Sunni militants have seized another town in Iraq’s western Anbar province, the fourth to fall in two days, officials said on Sunday, in what is shaping up to be a major offensive in one of Iraq’s most restive regions.
The militants also captured two border crossings, one along the frontier with Jordan and the other with Syria. Controlling the borders with Syria will help it supply fighters there with weaponry looted from Iraq, significantly reinforcing its ability to battle beleaguered Syrian government forces.
If they succeed, they could further unsettle the already volatile West Asia and serve as a magnet for jihadists from across the world—much like al-Qaeda attracted extremists in Taliban-ruled Afghanistan.
Iran’s supreme leader meanwhile came out forcefully against any US intervention in Iraq, accusing Washington of fomenting unrest and appearing to quash recent speculation that the rivals might cooperate to address the shared threat posed by the militants’ advance.
Kerry in Cairo
Meanwhile, US Secretary of State John Kerry arrived in the region on Sunday aiming to bridge widening rifts. Kerry landed in Cairo on a trip to West Asia and Europe, with the US aiming to unite Iraq’s fractious leaders and repel the militants.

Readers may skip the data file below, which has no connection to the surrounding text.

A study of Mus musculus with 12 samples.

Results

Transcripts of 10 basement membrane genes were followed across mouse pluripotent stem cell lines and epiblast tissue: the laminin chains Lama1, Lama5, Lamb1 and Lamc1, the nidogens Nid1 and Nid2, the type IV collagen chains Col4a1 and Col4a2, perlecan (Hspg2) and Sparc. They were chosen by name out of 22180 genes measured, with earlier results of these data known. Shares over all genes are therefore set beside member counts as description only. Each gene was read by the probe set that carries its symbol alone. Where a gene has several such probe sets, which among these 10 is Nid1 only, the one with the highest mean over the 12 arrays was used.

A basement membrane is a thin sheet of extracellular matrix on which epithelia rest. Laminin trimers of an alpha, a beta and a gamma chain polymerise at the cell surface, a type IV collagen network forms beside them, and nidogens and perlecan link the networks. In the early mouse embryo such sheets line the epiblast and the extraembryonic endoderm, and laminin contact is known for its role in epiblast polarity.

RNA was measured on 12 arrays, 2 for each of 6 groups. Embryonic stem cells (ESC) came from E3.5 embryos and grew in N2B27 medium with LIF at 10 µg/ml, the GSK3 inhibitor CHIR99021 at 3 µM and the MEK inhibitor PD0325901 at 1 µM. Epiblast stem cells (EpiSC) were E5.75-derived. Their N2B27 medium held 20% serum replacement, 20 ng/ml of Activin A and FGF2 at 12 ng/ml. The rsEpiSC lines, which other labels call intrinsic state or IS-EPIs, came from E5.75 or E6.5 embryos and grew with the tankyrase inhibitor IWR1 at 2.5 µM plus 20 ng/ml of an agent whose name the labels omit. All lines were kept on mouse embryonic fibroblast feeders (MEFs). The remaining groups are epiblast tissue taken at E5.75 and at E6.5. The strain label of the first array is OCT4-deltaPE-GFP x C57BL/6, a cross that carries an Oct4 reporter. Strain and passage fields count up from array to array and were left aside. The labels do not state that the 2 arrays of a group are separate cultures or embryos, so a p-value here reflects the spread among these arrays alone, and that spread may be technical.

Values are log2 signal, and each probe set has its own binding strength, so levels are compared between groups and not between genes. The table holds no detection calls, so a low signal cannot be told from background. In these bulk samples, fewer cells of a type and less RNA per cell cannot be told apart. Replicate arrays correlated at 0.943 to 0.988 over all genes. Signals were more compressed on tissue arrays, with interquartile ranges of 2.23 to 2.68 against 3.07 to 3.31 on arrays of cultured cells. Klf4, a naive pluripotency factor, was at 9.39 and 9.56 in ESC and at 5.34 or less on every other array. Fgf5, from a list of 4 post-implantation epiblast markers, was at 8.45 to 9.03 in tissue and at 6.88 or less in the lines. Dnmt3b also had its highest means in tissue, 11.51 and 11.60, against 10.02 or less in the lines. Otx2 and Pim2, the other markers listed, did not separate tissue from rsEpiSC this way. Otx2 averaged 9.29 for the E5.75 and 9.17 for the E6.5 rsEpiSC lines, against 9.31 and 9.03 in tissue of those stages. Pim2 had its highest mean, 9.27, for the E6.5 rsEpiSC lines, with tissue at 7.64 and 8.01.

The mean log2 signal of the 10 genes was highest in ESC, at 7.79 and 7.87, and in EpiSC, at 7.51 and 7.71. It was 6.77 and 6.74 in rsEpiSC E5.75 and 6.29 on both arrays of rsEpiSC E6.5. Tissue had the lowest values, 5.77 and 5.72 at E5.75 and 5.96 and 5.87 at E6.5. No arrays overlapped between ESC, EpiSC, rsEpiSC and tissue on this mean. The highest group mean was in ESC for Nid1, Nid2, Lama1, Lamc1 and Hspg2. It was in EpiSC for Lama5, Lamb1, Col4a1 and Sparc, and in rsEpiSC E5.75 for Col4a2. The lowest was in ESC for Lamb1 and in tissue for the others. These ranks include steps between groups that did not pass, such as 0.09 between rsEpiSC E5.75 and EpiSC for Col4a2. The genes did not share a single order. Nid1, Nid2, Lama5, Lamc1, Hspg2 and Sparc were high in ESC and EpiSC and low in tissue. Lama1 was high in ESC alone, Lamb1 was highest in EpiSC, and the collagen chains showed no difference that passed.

The militants captured Rutba, about 150 km east of the Jordanian border, late on Saturday, said officials. Residents were on Sunday negotiating with the militants to leave after an army unit on the town’s outskirts threatened to start shelling.
The towns of Qaim, Rawah, Anah and Rutba are the first seized in the mainly Sunni Anbar province since fighters from the Islamic State of Iraq and the Levant and their allies overran the city of Fallujah and parts of the provincial capital of Ramadi earlier this year.